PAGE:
More than a dynasty
Covering the culture of the South
When Mark Schlabach was offered a position covering college football for ESPN, he could hardly believe it.
“I think [ESPN] is the pinnacle of sports journalism today. It’s the company that everyone wants to work for,” says Schlabach (ABJ ’96). “I still pinch myself at the start of every college football season because I get to go sit in a college stadium press box on the sideline, cover a college football game and get paid pretty well for it.”
Schlabach initially explored his interest in sports journalism during his time at the University of Georgia. Journalism school and his work at The Red & Black, where he was sports editor, laid the foundation for Schlabach’s future work with The Atlanta Journal-Constitution, The Washington Post and ESPN.
“[UGA] gave me an opportunity not only to get great instruction at Grady but also to write for a student newspaper for a couple years, which put me way ahead of the game,” he says. “[The Red & Black] taught me all the fundamental tools you need to become a sports journalist.”
In 2012, Schlabach received a call that would push his career well beyond the newsroom. He had just finished co-writing a biography about former Florida State University football coach Bobby Bowden when Philis Boultinghouse, one of his editors at Howard Books, asked a peculiar question.
“She called me one day and asked if I had ever been duck hunting,” Schlabach says. “She said they had a family of duck hunters from Louisiana they thought would be a good match to collaborate on a book.”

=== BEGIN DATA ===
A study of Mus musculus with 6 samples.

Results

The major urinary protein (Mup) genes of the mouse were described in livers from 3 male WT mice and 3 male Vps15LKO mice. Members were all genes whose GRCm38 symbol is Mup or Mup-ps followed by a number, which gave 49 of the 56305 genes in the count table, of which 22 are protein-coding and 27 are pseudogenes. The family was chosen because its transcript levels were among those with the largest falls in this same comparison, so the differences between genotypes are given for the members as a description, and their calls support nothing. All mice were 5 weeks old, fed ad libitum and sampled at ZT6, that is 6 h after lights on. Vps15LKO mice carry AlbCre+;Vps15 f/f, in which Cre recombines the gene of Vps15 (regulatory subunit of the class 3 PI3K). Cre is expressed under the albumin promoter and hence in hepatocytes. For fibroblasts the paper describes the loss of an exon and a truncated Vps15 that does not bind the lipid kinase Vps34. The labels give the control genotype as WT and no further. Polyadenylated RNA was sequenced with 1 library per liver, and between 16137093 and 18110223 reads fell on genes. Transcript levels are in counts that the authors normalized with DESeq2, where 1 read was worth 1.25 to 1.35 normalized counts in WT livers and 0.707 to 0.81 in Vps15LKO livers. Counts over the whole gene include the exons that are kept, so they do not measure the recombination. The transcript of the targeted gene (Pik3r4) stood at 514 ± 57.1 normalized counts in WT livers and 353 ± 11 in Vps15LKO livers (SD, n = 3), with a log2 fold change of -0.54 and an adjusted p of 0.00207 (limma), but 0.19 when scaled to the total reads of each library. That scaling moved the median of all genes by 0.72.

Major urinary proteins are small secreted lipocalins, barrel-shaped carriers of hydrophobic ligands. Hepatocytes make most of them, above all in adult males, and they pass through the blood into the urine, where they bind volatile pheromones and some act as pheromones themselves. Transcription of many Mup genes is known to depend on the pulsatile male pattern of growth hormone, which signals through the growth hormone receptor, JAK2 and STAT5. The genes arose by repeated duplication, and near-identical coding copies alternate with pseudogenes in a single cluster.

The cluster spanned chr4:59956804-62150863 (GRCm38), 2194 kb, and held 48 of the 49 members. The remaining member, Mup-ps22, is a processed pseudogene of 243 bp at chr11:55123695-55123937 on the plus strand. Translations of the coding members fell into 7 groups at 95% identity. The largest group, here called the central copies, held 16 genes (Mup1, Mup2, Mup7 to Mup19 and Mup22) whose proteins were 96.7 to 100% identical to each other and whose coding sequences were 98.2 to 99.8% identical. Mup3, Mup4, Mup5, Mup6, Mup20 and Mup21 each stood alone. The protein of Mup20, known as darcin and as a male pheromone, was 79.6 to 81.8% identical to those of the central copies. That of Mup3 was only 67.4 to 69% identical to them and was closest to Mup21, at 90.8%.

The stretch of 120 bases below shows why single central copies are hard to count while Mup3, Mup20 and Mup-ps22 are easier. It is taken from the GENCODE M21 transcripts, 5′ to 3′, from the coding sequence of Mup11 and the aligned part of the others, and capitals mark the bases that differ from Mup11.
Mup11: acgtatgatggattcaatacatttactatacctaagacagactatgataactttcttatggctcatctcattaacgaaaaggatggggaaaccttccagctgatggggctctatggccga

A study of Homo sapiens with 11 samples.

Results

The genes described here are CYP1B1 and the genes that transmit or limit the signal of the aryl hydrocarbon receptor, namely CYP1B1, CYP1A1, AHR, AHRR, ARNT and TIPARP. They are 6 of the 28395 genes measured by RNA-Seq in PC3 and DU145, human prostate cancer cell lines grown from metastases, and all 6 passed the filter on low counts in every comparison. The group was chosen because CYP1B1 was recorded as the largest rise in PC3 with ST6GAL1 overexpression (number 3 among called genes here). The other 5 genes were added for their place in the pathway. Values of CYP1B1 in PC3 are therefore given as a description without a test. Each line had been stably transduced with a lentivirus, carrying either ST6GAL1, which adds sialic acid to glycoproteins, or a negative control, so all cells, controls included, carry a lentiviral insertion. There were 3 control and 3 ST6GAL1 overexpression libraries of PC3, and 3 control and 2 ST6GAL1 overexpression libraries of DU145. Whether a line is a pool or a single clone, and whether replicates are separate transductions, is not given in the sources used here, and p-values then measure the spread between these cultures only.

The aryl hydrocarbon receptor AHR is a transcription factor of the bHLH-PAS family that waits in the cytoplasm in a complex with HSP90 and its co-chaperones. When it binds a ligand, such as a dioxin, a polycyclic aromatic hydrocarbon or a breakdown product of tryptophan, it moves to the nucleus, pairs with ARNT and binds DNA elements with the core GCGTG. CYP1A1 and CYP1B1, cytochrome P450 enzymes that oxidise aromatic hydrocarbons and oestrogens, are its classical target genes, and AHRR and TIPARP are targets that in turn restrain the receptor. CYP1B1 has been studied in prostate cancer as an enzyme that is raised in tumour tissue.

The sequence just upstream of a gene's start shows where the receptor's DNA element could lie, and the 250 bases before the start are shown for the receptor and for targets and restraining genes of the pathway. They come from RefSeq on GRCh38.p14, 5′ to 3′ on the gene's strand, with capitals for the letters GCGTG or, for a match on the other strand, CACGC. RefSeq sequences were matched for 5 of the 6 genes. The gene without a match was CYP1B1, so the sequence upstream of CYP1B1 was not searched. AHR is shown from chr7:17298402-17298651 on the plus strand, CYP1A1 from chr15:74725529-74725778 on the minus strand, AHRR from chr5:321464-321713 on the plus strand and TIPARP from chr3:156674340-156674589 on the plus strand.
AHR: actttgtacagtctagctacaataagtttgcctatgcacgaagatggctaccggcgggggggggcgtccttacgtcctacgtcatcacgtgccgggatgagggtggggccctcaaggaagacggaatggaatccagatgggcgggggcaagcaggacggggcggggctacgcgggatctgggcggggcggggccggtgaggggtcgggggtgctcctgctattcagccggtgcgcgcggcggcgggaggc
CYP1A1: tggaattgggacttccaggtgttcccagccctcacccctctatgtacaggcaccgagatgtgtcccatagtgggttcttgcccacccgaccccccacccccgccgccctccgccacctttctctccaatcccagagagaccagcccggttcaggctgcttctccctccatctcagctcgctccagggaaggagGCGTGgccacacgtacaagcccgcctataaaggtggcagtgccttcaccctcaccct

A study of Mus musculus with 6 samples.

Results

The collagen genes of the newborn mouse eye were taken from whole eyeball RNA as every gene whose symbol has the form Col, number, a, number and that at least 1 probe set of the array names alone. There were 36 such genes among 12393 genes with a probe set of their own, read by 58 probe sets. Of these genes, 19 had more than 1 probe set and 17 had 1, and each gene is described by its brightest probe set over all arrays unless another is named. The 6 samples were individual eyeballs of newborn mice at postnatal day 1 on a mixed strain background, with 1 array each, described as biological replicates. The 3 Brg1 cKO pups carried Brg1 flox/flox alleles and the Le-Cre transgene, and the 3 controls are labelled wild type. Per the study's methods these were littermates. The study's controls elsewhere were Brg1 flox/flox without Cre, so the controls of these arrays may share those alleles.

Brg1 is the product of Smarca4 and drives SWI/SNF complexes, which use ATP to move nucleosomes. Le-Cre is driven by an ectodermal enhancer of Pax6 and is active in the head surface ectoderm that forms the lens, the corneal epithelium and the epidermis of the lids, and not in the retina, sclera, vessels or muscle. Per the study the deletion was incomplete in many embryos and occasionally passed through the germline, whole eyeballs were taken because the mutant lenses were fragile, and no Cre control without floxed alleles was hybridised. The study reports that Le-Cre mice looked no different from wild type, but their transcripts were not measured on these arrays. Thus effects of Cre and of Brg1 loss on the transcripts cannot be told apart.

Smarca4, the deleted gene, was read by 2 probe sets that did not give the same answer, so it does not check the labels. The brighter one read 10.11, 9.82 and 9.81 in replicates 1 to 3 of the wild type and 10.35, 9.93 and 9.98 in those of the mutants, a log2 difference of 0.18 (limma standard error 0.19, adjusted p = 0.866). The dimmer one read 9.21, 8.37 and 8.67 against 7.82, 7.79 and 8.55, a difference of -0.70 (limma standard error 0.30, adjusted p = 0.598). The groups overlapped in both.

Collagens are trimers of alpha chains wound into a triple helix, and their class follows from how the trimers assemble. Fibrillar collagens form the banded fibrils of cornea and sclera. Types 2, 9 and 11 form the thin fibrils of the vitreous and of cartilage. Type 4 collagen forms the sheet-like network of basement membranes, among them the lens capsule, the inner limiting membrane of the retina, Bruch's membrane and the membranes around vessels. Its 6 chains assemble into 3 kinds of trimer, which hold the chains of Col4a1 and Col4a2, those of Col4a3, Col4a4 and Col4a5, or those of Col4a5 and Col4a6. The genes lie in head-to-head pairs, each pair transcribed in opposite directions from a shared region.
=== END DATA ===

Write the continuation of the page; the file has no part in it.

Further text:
That family was the soon-to-be famous Robertson clan from the swamp of West Monroe, La., the stars of A&E’s hit television show “Duck Dynasty.” The night of Boultinghouse’s call, Schlabach saw a special interview with the Robertsons on “20/20.” He immediately called her back to ask when he could start.
Since then, Schlabach has written a biography for nearly every member of the Robertson family, including Willie and Cory’s The Duck Commander Family, Phil’s Happy, Happy, Happy and Si’s Si-cology 1.
“One book became two books and now we’re on five books. It’s been quite a ride,” Schlabach says. “If you went there you would never think they’re worth what they’re worth today. Fortune and fame hasn’t changed them at all. They’re the same people as when I met them.”
Although a bit odd, Schlabach says the transition from covering college football to profiling a family of duck hunters has been easy and even natural due to their seemingly equal importance in Southern culture.
“I still like to tell good stories. I like to write stories that make people laugh, or stories that make people feel good,” he says. “I cover college football nationally, but a lot of my focus is in the South. I guess there’s a cultural intersection.”